Georgia is known for mild winters and warm, humid summers. The state sits between USDA temperate zones 6 through 8, with a costal climate. Much of Georgia soil is red clay, which makes growing plants from seed challenging in the state. Farmers from Georgia who wish to grow plants from seed will have better luck if they amend their soil or start plants indoors from seed.
Starting Seed Outdoors
Have your soil tested to determine what amendments are necessary to start plants from seed. Determine the last frost date in your area and know your temperate zone by consulting with the USDA temperate zone map.
Break up the soil with a garden tiller to a depth of 6 inches. Spread any necessary amendments over the soil to a depth of 4 inches and till them into the soil.
Plant the seeds two weeks before the last annual frost date. Dig a furrow into the ground that's twice as deep as the seed. Close the furrow over the seeds and water so that the soil is as damp as a wrung-out sponge.
Starting Seed Indoors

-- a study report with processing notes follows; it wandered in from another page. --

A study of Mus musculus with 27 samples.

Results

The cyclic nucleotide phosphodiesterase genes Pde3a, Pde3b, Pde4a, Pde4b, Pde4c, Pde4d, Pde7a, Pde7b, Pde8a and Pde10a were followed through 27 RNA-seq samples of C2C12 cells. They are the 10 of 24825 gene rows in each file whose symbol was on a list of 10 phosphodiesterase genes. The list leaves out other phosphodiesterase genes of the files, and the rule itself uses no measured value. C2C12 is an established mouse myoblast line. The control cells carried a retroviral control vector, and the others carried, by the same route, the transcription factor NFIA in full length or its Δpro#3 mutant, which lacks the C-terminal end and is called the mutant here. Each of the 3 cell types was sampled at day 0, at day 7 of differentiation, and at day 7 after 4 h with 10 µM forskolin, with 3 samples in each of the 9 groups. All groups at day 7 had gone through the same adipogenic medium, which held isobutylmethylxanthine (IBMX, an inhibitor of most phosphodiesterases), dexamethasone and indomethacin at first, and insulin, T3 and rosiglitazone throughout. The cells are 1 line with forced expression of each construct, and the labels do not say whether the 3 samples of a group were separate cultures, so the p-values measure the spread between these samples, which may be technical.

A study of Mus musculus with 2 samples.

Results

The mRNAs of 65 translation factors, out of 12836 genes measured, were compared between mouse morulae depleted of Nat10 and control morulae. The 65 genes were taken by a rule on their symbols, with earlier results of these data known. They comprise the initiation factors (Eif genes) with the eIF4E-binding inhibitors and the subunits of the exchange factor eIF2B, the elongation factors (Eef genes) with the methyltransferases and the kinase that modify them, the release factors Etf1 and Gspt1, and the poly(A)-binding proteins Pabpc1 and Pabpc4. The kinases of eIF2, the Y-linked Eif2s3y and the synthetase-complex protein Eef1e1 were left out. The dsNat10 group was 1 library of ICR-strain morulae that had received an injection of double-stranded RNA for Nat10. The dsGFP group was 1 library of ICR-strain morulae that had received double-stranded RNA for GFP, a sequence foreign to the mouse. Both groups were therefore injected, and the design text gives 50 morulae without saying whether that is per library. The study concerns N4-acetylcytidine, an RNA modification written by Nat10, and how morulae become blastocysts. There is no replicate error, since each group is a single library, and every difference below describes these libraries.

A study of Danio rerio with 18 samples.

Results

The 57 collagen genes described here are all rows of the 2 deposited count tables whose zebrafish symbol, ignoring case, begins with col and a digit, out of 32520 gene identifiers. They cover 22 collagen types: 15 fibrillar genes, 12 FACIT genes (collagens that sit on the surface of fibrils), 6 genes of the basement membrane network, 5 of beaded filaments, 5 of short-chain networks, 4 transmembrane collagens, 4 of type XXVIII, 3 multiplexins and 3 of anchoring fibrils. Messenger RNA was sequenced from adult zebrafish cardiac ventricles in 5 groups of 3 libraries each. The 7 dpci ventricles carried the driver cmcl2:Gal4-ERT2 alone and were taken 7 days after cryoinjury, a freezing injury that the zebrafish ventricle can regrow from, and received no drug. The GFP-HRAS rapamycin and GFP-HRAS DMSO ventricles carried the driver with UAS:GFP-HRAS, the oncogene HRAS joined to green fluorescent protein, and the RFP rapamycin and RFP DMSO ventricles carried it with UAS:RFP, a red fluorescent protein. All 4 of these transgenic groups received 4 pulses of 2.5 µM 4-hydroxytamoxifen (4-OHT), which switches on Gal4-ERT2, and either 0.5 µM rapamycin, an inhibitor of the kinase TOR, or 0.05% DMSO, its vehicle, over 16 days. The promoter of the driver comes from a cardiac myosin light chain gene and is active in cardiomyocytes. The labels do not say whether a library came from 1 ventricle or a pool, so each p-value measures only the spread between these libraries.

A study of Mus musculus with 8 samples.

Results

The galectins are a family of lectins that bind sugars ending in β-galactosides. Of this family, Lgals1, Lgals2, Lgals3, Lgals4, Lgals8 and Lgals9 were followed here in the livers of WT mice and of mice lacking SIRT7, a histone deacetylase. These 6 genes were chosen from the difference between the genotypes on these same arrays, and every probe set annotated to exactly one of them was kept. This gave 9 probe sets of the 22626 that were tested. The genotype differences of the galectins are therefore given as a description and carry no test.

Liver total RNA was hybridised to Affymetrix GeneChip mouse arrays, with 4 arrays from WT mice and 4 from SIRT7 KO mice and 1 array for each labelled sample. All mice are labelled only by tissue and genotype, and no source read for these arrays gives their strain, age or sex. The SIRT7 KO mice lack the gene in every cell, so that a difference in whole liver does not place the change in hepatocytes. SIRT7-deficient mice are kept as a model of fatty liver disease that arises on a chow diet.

Start seed indoors up to eight weeks before the last annual frost date. Soak the seeds in water for 24 hours before planting to encourage germination. Skim off any seed that floats. Floating seed will not germinate.
Fill a seedling tray with peat moss. Wet the soil so that it is as damp as a wrung-out sponge.
Hollow out planting holes in the peat moss with a pencil. Drop the seeds into the holes and cover with peat moss.
Place a freezer bag or plastic wrap over the seedling tray to help hold in moisture. Place the tray in a sunny windowsill out of direct sunlight. Remove the plastic once the green tops of seeds poke above the soil.
Check the peat moss daily and water if it becomes dry.
Move the seedling tray outside in the shade on warm days to harden off the plants. Transplant them into the ground once the last average frost date passes.